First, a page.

Current Book: “The Night Watchman”
by Louise Erdrich
NOTE: Change of date! Discussion will now be on July 1 at 7 p.m.
Many of you read Beth Piatote’s “Beadworkers” along with us in April. We skipped a month, but we are ready to go again.
We will read Louise Erdrich’s new novel, “The Night Watchman.” If you like historical fiction, this is it: the history in this case is only 75 years old, as the novel is based on the experiences of Erdrich’s grandfather, who fought against the Eisenhower “Termination” policy for his Turtle Mountain Chippewa Tribe in North Dakota. I was born across the border, in Minnesota in 1942, lived there until 1952, and visited many times in the 50s and 60s. I knew nothing of lives and issues.
As my mentor, Alvin Josephy, said, “When our history books don’t outright lie about Indians, they omit them.”
I’m not halfway through it, and I am sad and mad and so happy for the fine writing and filing in the gaps I never knew were there.
The new owners of the Bookloft, Katy Madrid and Becky Wyland, promise the same 15% discount for book groups. So you can support your local bookstore and their new owners with a purchase! Retail is $28.99. You can figure it out!
Join our Live Dicussion on Zoom
Wednesday, July 1 at 7 PM
Our book in April was The Beadworkers, by Beth Piatote. Some of you met her and heard her read at Summer Fishtrap–maybe even bought the book. I’m still thinking about “Antikoni” and plan to reread in anticipation of this event.
Beth is going to join us at 5:00 p.m. on Thursday, April 30, so read now and save your questions for a lively discussion on April 30. We will use Zoom. The author, Beth, will be on the call from her Bay Area home!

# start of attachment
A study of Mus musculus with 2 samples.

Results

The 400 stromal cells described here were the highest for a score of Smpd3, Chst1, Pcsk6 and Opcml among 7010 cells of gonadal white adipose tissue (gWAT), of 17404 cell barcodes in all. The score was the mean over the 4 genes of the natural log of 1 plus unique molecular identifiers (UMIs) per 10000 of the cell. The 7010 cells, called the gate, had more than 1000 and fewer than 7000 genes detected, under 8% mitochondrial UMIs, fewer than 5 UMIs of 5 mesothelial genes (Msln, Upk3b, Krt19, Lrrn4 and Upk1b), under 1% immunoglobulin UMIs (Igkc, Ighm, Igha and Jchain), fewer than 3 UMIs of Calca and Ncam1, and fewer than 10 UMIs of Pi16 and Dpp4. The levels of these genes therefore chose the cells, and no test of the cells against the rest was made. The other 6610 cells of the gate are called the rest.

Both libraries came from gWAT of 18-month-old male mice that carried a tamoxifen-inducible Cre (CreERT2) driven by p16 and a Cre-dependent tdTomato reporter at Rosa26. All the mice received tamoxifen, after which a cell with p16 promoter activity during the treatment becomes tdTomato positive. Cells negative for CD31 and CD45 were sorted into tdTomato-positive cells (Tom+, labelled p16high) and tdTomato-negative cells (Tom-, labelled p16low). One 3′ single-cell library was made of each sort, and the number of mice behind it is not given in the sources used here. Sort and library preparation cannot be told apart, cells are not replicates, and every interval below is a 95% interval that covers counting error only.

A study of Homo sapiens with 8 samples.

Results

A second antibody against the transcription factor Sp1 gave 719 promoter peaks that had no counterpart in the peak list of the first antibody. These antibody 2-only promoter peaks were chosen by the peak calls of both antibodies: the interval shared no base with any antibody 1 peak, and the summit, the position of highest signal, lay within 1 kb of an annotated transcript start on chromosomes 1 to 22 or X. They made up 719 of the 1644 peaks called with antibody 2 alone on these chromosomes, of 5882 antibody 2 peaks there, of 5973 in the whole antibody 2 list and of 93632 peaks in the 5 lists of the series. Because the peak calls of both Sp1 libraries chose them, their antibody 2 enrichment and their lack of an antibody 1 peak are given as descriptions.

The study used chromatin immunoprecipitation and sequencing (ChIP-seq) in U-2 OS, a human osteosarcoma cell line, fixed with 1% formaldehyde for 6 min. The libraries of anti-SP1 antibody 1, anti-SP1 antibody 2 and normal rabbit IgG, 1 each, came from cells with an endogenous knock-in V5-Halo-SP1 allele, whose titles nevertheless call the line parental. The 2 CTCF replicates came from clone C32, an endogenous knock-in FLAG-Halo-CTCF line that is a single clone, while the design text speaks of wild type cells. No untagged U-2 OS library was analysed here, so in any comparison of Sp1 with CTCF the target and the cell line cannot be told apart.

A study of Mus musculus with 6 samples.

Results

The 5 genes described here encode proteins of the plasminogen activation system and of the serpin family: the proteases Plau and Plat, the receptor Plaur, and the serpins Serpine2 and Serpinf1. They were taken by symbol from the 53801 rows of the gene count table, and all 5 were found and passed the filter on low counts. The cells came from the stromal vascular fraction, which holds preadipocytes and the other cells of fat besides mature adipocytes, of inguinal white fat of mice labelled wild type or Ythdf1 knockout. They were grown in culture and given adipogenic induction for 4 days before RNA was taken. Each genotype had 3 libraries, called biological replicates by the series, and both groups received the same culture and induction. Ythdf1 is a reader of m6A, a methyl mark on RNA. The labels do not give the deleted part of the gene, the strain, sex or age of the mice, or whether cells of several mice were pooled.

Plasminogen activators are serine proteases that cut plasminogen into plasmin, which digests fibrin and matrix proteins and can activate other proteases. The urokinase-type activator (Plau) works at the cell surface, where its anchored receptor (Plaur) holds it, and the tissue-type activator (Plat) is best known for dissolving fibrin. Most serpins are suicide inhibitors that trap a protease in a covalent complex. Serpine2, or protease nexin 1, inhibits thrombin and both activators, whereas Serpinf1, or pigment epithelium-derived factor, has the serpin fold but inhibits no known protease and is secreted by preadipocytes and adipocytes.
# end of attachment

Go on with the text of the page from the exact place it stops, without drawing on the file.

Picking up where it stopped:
Our second book was “Braiding Sweetgrass: Indigenous Wisdom, Scientific Knowledge and the Teachings of Plants” as recommended by local medicine woman Jane Glesne.
This is writer Robin Kemmerer’s prayer that we look through scientific classification and dissection to indigenous knowledge of plants–and all of mother earth, For her, the earth–all of it–is gift, and we human beings are bound up in it in what can and should be reciprocal relations of gratitude and care. Sweetgrass grows lush when we harvest it. People took away different lessons–“I’ll look at the world I tramp in with new eyes”; “we shouldn’t worship growth”; “how can I live more sustainably?”; “this book will get passed on–and we will send copies to friends and children.” And all of us got bound up in this discussion of the “Thanksgiving Address” of the Onondaga, which puts gratitude and sharing the gifts of earth at the center of our lives
Our first book was “The Real All Americans, The Team that Changed a Game, a People, a Nation,” by Sally Jenkins. Before getting to Jim Thorpe and the Carlisle Football team, the book describes the end of the Indian wars in the West and the beginnings of the boarding school system, two historically transformative events for Indian people, and I believe for all Americans.
We had three wonderful discussions, meeting at Josephy and having people chime in virtually.